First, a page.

8.15.2010

D. Shostakovich, 34/4; The Emotive Tortoise


I thought I'd follow Chopin's example and follow the C Major prelude with E minor (heh heh... music nerd joke...). There are three elements that hop out at me in the first bars of this piece.

The first is that it's a fugue, question in tonic, answer in dominant. It's relatively slow (Moderato) and the theme takes its time unfolding. The complete exposition occurs almost half way through the piece at measure 13 when the bass voice gets its turn.* 

Secondly the time signature is 5/4. We already talked about this rhythm in the context of Prelude 21 in B-flat Major. It's a little strange... yet... 

...the most remarkable aspect of this piece is the feeling, the atmosphere, the character created by the first two potentially disastrous and jarring elements. Espressivo et sempre legato is the order for the day with plenty of cresc. and dim. to go around.

That is to say that this piece does not sound fugue-ish nor 5/4-ish, in the pejorative sense. On the contrary it is one of the most expressive, sensitive, and ruminating of preludes. It moves with that steady pulse of the ricarcare, passing obliquely through its own melodic foliage. There are no strict countermelodies, but rather a fantasia of inventive lines playing off the yearning arc of the main theme. No accidentals. Aeolian placidity reigns over all. Sections are suggested by the addition or subtraction of voices. The 5/4 gives a weightlessness and chant-like effect, more like floating than stumbling.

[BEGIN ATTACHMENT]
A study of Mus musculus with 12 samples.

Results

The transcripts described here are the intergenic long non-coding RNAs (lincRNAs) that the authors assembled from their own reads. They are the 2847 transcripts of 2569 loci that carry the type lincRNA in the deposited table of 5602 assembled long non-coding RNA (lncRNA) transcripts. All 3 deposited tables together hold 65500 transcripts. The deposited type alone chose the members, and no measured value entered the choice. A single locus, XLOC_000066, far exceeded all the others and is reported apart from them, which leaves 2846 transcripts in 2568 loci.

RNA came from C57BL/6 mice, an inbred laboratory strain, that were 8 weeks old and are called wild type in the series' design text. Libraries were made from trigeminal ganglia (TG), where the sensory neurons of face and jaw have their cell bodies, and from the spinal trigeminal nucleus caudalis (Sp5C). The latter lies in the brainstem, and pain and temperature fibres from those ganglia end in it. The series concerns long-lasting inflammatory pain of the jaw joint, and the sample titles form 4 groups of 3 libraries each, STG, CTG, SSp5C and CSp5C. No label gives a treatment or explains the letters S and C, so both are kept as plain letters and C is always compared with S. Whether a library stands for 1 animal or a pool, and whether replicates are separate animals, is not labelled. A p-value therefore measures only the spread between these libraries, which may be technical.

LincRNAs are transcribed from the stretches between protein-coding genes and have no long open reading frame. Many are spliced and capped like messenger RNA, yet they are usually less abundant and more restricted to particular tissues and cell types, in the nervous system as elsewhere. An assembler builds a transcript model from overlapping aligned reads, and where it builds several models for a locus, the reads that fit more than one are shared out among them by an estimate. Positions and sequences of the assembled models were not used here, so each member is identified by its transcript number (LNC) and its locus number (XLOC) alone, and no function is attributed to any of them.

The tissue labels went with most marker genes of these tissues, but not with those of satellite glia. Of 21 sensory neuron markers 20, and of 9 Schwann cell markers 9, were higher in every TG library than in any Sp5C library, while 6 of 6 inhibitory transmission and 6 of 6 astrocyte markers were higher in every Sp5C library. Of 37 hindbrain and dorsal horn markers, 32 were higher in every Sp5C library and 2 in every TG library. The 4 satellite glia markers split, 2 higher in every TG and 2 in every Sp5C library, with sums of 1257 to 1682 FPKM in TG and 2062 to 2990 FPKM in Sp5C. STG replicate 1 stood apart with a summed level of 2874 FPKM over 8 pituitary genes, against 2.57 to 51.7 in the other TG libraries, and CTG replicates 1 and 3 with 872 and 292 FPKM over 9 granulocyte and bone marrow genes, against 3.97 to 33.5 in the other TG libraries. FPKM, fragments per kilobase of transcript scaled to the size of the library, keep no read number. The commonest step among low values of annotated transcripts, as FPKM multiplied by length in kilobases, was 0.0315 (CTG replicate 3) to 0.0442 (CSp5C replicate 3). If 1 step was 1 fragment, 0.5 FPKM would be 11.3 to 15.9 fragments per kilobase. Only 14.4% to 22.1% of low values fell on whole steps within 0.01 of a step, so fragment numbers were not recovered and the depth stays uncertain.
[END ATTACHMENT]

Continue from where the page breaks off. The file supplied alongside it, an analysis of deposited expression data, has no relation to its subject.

Murillo
And then something different happens! Measures 27 and 28 foment with foreign and hurried 16th notes and come to a trilling halt on A-flat Major. Totally out of the blue! Totally unexpected! Followed by silence, then a fragmented gesture, then a last drone-accompanied theme. The question in my mind is why that A-flat explosion? Did the texture get too excited for the steady pace of the theme? Is that what we expect from a prelude, a sort of climax somewhere around the golden mean (check out Scriabin's preludes)? Did the pondering of the piece get too close to something uncomfortable outside its diatonic world? Is the climax internal or external? The prelude is obviously distracted by the outburst.

In the end the piece is whole. It is somewhat at peace with itself, its theme intact, its beauty legitimate. The fluttering of springtime accidentals cannot halt it for long on whatever it is seeking. It's fine being a fugue in E minor and not a character piece in A-flat Major. It has its own languidly beautiful song to sing. I like that. This piece has character and is secure in itself. Steady on!


* I don't find it all that remarkable (or iconoclastic or even devilishly sarcastic) that Shosy composed a fugue in his set of preludes. Stylus fantasticus is stylus fantasticus! It's just what it is! Look it up! Besides, his textures are often so sparse and skeletal that you could say that he's just highlighting the contrapuntal nature of his music through this piece. It's not a far leap.